Centers for Disease Control and Prevention
The Bourbon Virus, spread by ticks, has only been identified a few times since its discovery in Kansas in 2014.

State health officials say a Missouri resident has tested positive for a rare virus spread by ticks, and they are encouraging people to protect themselves.

The Centers for Disease Control and Prevention notified the Missouri Department of Health and Senior Services (DHSS) that the resident tested positive for the Bourbon virus, according to a DHSS news release.

The Bourbon virus was first identified in Kansas in 2014. The 50-year-old male Kansas farmer who contracted the virus died, although its unclear if the virus was the cause of his death.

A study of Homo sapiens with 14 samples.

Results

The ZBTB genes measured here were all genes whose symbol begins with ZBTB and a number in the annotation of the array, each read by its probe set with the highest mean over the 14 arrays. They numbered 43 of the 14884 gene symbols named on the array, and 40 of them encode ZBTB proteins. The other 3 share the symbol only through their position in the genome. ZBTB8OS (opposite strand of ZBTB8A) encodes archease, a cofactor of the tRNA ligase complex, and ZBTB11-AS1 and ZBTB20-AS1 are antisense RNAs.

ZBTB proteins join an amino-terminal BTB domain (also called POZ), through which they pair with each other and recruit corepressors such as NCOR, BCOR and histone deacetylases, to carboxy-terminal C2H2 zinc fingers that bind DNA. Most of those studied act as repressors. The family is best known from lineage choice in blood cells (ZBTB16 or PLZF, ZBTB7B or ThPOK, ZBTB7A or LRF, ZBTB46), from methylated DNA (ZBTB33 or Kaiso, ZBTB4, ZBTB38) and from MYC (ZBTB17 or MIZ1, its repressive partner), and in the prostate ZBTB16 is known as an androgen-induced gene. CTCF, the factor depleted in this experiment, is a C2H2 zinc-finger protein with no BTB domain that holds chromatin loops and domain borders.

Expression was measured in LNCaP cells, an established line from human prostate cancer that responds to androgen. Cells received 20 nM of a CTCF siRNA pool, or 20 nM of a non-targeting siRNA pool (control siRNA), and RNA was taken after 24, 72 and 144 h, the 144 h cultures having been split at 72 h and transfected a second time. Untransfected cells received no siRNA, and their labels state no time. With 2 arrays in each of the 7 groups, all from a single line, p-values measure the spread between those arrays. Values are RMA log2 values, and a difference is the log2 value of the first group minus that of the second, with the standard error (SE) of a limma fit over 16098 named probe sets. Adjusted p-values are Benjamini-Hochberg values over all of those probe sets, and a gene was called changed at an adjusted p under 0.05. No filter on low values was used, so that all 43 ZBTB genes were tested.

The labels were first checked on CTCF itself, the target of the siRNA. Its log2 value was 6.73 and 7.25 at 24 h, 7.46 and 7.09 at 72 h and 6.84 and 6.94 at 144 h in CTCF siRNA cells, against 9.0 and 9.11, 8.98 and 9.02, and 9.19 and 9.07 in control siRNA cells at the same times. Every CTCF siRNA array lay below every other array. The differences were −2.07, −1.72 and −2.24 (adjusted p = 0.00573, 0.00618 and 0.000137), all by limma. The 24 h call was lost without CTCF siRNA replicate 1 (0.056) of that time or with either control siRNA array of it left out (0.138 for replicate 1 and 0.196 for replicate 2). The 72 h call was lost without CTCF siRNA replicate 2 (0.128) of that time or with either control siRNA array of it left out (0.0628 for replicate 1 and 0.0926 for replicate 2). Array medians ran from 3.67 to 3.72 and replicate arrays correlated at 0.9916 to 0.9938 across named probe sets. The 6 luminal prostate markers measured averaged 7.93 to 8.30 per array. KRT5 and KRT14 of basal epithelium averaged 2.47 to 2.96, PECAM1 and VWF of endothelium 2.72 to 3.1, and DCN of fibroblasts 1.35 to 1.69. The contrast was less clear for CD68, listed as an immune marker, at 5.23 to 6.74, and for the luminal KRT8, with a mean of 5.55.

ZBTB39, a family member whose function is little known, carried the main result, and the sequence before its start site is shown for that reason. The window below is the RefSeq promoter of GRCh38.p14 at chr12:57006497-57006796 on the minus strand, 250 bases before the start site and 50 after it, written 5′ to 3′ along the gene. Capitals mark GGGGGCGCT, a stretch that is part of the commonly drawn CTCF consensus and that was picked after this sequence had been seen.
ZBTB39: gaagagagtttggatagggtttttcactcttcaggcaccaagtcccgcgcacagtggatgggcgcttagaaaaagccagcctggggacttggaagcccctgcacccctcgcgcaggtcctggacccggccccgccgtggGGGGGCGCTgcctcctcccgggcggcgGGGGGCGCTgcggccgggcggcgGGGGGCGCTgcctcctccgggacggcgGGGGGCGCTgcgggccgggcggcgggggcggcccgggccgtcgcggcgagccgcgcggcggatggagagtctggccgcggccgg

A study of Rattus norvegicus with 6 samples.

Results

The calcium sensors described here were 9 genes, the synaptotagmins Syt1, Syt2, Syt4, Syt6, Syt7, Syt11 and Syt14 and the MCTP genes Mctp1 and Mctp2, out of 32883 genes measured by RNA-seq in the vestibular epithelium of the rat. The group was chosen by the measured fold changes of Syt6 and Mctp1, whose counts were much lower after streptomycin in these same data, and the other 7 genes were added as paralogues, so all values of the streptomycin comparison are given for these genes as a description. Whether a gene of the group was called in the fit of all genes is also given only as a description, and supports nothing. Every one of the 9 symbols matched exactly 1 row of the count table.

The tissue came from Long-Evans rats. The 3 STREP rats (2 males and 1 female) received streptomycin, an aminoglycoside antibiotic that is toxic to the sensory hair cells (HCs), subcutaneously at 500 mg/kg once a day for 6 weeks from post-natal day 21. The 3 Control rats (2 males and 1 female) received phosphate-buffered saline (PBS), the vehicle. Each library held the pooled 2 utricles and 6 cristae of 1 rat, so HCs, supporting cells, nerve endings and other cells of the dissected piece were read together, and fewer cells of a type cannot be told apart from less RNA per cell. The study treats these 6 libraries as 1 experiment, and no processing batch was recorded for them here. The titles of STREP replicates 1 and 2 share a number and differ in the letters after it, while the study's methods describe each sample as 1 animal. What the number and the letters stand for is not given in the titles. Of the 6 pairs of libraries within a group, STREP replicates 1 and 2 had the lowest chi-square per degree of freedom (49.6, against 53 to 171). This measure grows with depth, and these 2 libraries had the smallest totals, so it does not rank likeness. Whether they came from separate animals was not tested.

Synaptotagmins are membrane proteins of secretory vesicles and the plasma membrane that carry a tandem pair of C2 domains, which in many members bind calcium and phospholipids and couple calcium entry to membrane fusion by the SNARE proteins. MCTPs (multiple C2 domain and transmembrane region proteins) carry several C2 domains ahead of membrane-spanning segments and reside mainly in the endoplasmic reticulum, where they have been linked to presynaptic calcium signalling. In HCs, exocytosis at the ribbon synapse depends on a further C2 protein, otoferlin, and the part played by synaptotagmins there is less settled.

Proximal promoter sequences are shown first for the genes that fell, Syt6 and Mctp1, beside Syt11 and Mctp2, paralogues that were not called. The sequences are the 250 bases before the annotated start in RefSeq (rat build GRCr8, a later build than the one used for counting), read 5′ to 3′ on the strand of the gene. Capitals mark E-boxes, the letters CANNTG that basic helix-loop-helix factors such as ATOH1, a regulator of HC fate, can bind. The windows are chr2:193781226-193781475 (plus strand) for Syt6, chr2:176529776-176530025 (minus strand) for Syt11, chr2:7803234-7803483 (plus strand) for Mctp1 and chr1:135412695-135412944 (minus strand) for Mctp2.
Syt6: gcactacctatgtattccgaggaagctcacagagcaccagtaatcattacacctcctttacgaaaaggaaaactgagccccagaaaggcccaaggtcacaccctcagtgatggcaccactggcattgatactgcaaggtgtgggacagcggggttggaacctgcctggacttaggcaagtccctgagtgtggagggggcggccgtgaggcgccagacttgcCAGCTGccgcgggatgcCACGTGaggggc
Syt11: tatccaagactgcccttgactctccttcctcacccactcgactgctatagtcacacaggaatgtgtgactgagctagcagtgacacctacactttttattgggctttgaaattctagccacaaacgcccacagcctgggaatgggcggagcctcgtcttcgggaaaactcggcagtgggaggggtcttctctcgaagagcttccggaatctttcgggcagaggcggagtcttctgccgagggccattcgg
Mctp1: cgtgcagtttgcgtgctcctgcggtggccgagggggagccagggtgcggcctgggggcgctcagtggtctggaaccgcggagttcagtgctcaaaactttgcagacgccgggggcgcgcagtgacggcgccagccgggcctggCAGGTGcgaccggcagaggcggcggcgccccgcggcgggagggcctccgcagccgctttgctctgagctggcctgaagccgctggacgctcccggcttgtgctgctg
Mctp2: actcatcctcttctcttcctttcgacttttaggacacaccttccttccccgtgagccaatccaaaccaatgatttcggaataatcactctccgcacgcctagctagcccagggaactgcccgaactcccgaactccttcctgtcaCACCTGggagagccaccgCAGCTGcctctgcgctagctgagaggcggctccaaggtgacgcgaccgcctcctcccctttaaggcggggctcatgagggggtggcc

Only a few cases have been identified in the Midwest and South since then.

The Missouri resident is believed to have been exposed to the virus while in the state.

Health officials are now conducting a tick study in Meramec State Park, about 60 miles southwest of St. Louis, which they describe as an "area of interest," although they don’t believe exposure risk there is greater than in other parts of the state.

Symptoms of Bourbon virus include fever, headaches, body aches, rash and fatigue. There is no routine test, treatment or vaccine available for the virus.

Health officials advise people to stay away from brushy areas and long grass, wear long sleeves and use insect repellent containing DEET.

Alex Smith is a health reporter for KCUR. You can reach him on Twitter @AlexSmithKCUR

As a health care reporter, I aim to empower my audience to take steps to improve health care and make informed decisions as consumers and voters. I tell human stories augmented with research and data to explain how our health care system works and sometimes fails us. Email me at alexs@kcur.org.